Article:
Archives: 2014 & Earlier

Student Workbook: Real Jobs, Real Stories

Youth Communication
32 pages. $8. Resource Kit with one Leader’s Guide, 20 anthologies, 20 workbooks: $450 + $45 shipping.

These 33 true stories were written by New York City young people from diverse cultural backgrounds who worked intensively with editors at Youth Communication, a nonprofit youth development program. First published between 1992 and 2008 in one of the program’s magazines, New Youth Connections or Represent: The Voice of Youth in Care, these personal accounts by writers ages 15 to 25 illuminate the world of work, from part-time or summer jobs to internships and full-time career opportunities.

Among stories about work culture is “Working on My Boundaries,” which shares lessons learned after aging out of a foster group home. Christine McKenna describes burning out from working two jobs while attending college, becoming too friendly with supervisors, and being unable to refuse the unreasonable expectations of one boss.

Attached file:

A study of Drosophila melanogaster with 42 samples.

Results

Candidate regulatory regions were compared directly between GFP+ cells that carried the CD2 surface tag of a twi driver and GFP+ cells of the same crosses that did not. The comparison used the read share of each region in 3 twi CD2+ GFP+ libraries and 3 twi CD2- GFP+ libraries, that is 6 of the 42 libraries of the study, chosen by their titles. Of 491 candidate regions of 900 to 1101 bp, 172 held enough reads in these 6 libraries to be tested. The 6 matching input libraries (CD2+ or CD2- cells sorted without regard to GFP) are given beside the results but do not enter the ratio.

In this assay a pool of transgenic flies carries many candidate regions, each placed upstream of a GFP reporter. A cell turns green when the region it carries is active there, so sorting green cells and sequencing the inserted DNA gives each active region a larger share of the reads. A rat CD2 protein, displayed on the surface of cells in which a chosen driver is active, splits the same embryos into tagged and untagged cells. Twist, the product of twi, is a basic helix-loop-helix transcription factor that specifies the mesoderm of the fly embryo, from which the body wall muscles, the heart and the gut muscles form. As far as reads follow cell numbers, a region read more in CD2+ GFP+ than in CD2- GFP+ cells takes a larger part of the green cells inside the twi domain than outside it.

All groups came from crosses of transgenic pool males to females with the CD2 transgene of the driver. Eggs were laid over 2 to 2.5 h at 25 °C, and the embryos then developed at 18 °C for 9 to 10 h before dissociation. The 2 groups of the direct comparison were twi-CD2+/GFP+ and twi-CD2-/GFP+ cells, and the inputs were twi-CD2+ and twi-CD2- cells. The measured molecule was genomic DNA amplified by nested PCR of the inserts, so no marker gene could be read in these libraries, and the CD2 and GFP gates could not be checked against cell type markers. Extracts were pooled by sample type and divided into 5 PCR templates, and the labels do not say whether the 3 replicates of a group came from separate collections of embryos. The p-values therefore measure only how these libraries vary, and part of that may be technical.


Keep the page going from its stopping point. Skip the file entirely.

Stories on managing money include confessions of a designer clothes “junkie,” a primer on banks, and a cautionary tale by a college student engulfed in credit card debt.

A section on finding one’s career covers training, higher education and paying dues. Youths in today’s bleak job market will resonate with “Young and Hungry,” in which Joseph Alvarez’s exciting start in film editing at HBO ends in a layoff and years of odd jobs before a lucky break.

Whether humorous or poignant, these stories ring with voice and honesty. The book ends with firsthand accounts about jobs in politics, a hospital, as a bicycle messenger, and more.

A superb Leader’s Guide helps youth leaders incorporate these true stories into a work readiness program for middle and high school students (adjustable for older groups ages 18 to 24). The guide includes complete plans for seven three-hour workshops, including experiential exercises, with modifications for fewer and shorter sessions.

Utilizing the power of teenagers’ own stories to influence their peers, each session’s theme is embodied in one story from the anthology, read aloud by the group. The Student Workbook contains worksheets, fact sheets and other tools.

These adaptable sessions are an excellent choice for any out-of-school environment. Where programming isn’t possible, the youth-authored anthology alone will resonate with young people finding their way into the working world. (212) 279-0708, ext. 115; http://www.youthcomm.org.